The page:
The long-awaited arrival of the Ford Mustang in Europe and an experimental car that will put gas-guzzlers to shame – the Paris motor show kicks off this week with renewed optimism after a mammoth industry crisis.
More than a million visitors are expected to flock to the 16-day mecca for car enthusiasts from October 4 at a giant exhibition hall in the French capital where more than 70 auto manufacturers will be showcasing their latest offerings.
Jaguar, Opel, Smart, Volkswagen and others will unveil their latest models, small SUVs will be at the party, while Ford's Mustang is expected to steal the show as it goes on display ahead of its commercial launch in Europe next year.
The legendary sports-car-like coupe, which inspired the song "Mustang Sally" and was immortalised by Steve McQueen in the famous "Bullitt" chase scene, was launched 50 years ago in its first form, but has never officially been imported into Europe.
Ford plans to sell 8,000 Mustangs a year in Europe and, according to Fabrice Devanlay, spokesman for the French branch of the firm, this target got off to a good start over the summer when 500 cars were pre-ordered online in just 45 seconds.
The world auto market is forecast to grow more than four percent annually until the end of the decade, according to global consultancy PriceWaterhouseCoopers.
But while the US has staged a comeback after the crippling 2008 crisis and emerging Asian countries such as China continue to grow, people in Europe are buying 20% fewer vehicles than seven years ago.
Even countries once seen as the new car Eldorados – like Brazil, Thailand and Argentina – are suffering along with Russia, which has been hit by sanctions over its involvement in the Ukraine crisis.
Paradoxically, the Paris motor show – the world's biggest in terms of visitor numbers – is taking place in a country where residents are less and less passionate about cars.
"Cars are completely commonplace and remain essential for daily mobility," said Flavien Neuvy, head of Cetelem, a consumer research group.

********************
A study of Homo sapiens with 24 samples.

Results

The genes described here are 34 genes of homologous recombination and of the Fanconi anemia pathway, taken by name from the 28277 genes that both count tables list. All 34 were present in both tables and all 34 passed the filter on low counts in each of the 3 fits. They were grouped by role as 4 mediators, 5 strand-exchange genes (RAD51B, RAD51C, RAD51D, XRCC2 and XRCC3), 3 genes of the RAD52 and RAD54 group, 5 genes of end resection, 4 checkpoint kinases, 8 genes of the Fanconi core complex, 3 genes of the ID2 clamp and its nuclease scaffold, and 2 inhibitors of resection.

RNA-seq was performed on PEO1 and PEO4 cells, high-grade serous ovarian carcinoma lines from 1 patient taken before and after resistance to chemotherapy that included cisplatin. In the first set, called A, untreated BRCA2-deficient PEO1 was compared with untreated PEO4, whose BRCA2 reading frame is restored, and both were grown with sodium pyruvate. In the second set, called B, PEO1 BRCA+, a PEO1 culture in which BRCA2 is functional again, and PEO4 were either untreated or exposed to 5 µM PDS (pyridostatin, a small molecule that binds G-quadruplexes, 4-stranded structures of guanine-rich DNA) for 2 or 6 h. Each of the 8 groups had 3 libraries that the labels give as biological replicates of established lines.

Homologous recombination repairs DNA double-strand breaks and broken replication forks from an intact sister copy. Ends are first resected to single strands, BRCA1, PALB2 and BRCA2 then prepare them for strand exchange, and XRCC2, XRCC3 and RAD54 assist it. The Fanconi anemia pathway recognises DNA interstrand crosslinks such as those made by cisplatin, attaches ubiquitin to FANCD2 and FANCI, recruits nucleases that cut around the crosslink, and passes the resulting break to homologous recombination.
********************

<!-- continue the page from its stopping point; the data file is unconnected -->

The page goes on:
These days "60% of French people associate the car with noise and pollution".
Another issue that will hang over the show is that consumers, particularly young city dwellers, are increasingly opting for new modes of transport such as carpooling to save money at a time when France is in economic crisis.
Fuel-efficiency a focus
As such, the show will see a strong focus on fuel-efficiency, appealing to buyers by making cars cheaper to run, and a reduction in CO2 emissions.
Much-hyped self-driving cars, which could revolutionise the road by drastically cutting mortality rates, are also expected to be showcased.
"Peugeot, Citroen and Renault have developed vehicles under a French government scheme to incentivise not just the development of fuel-efficient vehicles, but also make them relevant to customers," said Ian Fletcher, a London-based analyst at IHS Automotive.
"They're not just produced to only be bought by a select few. They're developed and designed with the idea of being accessible to your more typical customers, people who would buy a Peugeot 208 or a Renault Clio."
As such, PSA will be showcasing an experimental fuel-efficient car powered by a combination of a traditional petrol engine and a pressurised gas system – the brand new "hybrid air".
"They're claiming 141 miles per gallon of petrol on the test cycle that the EU uses... while your typical car would get something between 40 and 60 miles per gallon," said Fletcher, adding that "whether you'd get that in practice is another thing entirely".
Renault will also put on display its very first plug-in hybrid car. – AFP, October 1, 2014.